Portal centennial plays nearly 'sellouts'

Portal centennial plays nearly 'sellouts'

Portal Mayor Larry Motes played a cha...


    Where in the world is Portal? It’s “on the map,” citizens say.
    That was a catch phrase in the town’s Centennial celebration play, “Between Hopeulikit and Piddleville: Portal Celebrates 100,” which was performed Saturday at Portal Elementary School before a packed house.
    Portal has seen a whirlwind of recent activity, with the Centennial celebration, a high school basketball team that made it to the Final Four, and a local couple winning $275 million in the MegaMillions lottery.
    That’s just a little more to add to the town’s colorful history. Maybe those events will make it into the next play.
    Citizens had two opportunities to view the play and both were near sellouts, said Portal Mayor Larry Motes, who was a member of the cast of about 80 local citizens.
    No professional actors here, but who could tell? The play went flawlessly and it was obvious the cast had as good a time as those in the audience.
    As the play unfolded, Portal’s history was exposed. Black history and white history melded together as the play told how times affected the town.
    Once located about two miles north of its current location, Portal was created by Effingham County man E.E. Foy, who built a sawmill and later invested in a company dealing in turpentine, lumber, farming, cotton gins, grist mills and a mercantile business. He brought a railroad to the town, but it faded as the original town did.
    But in 1908, the Georgia Realty Company negotiated with Elerbee Daughtry and “Doll” Williams to develop a new town along the Savannah, Augusta and Northern Railroad. The “new” Portal was born.
    The play touched upon the Civil War and how it affected both white citizens and black slaves, who were made free citizens through Emancipation and wondered where to go. Many remained in Portal and are the founders of several local families today.
    Of course, the turpentine industry held a strong part in the play, but many spectators might not have known the turpentine workers made a type of whiskey from the pine sap. And some didn’t realize just how big a business moonshining was in the  town.
    A character portraying Albert “Flukie” Lucas, who passed away at age 101 a couple years ago, told how Lucas kept a moonshine still running until age 85. One still was hidden near the town’s turpentine still, and the character playing Lucas said “I never got caught, never got raided, never got my still tore up.”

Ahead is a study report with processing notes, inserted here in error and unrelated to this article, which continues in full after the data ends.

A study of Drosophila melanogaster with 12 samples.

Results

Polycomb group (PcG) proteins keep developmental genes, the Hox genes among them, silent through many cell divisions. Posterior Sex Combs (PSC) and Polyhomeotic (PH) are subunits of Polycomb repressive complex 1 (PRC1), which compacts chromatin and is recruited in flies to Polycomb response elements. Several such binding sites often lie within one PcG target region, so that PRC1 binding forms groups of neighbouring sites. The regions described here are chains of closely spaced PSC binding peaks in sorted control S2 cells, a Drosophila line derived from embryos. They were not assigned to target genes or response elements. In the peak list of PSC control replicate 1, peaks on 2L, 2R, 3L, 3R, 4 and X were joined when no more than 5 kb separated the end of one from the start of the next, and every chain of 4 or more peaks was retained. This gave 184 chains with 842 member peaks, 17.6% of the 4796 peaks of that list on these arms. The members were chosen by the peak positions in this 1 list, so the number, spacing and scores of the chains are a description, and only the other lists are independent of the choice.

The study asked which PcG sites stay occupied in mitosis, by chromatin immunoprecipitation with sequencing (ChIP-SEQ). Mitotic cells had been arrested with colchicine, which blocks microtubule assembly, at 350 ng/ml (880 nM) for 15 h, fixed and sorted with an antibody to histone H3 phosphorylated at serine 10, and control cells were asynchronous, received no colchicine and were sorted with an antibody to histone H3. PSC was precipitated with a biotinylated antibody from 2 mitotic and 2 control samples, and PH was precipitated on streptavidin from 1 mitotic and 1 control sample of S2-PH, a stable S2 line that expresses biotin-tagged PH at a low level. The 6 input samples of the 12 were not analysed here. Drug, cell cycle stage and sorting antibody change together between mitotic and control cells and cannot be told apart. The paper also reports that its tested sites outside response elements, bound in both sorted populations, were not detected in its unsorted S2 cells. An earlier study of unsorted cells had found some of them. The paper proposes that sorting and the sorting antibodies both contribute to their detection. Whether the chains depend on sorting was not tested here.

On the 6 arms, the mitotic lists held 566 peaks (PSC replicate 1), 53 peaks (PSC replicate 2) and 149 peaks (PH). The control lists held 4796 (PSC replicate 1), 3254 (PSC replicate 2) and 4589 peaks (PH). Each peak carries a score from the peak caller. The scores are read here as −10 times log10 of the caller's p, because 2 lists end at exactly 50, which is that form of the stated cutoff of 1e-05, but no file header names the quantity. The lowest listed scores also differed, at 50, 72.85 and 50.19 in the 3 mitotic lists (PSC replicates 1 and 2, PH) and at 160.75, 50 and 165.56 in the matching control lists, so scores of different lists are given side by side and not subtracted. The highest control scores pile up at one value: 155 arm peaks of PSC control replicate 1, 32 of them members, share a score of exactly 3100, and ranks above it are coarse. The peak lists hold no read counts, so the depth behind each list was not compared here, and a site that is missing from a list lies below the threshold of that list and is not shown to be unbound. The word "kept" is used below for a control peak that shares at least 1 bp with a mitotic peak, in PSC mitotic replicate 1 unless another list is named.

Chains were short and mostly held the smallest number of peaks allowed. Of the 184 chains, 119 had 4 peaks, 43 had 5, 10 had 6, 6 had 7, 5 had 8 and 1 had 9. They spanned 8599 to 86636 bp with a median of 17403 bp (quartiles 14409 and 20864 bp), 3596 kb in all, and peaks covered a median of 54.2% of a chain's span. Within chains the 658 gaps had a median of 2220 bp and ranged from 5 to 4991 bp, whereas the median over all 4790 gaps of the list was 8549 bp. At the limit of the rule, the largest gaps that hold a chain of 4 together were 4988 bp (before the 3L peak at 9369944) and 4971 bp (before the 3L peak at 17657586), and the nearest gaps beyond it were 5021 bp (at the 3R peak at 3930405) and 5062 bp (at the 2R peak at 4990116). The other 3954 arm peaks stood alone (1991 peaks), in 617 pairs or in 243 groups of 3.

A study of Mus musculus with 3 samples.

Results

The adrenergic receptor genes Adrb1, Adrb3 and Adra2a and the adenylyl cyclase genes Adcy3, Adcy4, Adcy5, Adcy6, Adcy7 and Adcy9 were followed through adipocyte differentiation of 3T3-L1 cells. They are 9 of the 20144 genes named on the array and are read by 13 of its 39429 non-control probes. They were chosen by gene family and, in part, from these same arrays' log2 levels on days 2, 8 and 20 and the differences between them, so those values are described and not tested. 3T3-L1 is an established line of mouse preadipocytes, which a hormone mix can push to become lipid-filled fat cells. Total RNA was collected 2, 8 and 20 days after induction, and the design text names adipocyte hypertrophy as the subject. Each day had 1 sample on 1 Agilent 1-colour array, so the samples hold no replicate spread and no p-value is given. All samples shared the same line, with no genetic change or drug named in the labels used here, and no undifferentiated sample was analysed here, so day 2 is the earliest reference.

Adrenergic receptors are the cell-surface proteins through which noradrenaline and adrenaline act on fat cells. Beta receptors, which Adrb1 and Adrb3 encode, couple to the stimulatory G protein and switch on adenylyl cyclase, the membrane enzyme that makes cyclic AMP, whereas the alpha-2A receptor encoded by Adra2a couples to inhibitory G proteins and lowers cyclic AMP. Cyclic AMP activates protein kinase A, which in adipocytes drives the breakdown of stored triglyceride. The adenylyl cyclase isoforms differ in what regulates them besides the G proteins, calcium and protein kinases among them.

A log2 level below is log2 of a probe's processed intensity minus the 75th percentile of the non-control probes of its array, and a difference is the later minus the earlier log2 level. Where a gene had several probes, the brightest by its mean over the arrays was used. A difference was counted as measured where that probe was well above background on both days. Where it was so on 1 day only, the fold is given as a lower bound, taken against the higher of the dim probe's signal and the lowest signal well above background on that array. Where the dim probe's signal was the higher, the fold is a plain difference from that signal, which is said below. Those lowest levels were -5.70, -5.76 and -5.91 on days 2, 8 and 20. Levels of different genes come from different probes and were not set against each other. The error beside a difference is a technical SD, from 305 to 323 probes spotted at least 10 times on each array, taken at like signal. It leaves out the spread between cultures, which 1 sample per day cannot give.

But local ladies didn’t approve of such shenanigans, and one scene showed a handful of men sneaking into town to watch a “hoochie coochie” show that accompanied a carnival.
    That scene showed peeks of feather boas and fishnet stockinged legs, as well as an angry wife who brought in “ the high sheriff and the preacher” to run the show out  of town. She also whopped her husband on the head with a huge carpet bag as she ran him home.
    Another entertaining scene was that of the “goat man,” a fellow who would appear on occasion, with a cart pulled by a team of billy goats and a herd of nannies and kids - both the goat kind and human kind - following behind him. Children loved the goat man, but parents feared he might haul one of their girls off, said one small actress onstage during that scene.
    What might have been the most hilarious scene was the tale of a local woman, “Inez,” who liked her spirits.
    She drank too much and passed out, appearing to not be breathing. Her husband called Emory Melton at Smith Tillman Mortuary, who arrived and pronounced her dead before placing her in a hearse.
     Then she awoke.
    Portal City Council member Jerry Lanigan had the crowd in gales of laughter as she portrayed the elderly lover of alcohol, streaking across the stage in a house dress, imitating the fit witnesses said Inez pitched upon finding herself “dead.”
    The play, directed by Mical Whitaker and written by Dr. Frank Saunders Jr.,  received a standing ovation after each night’s performance.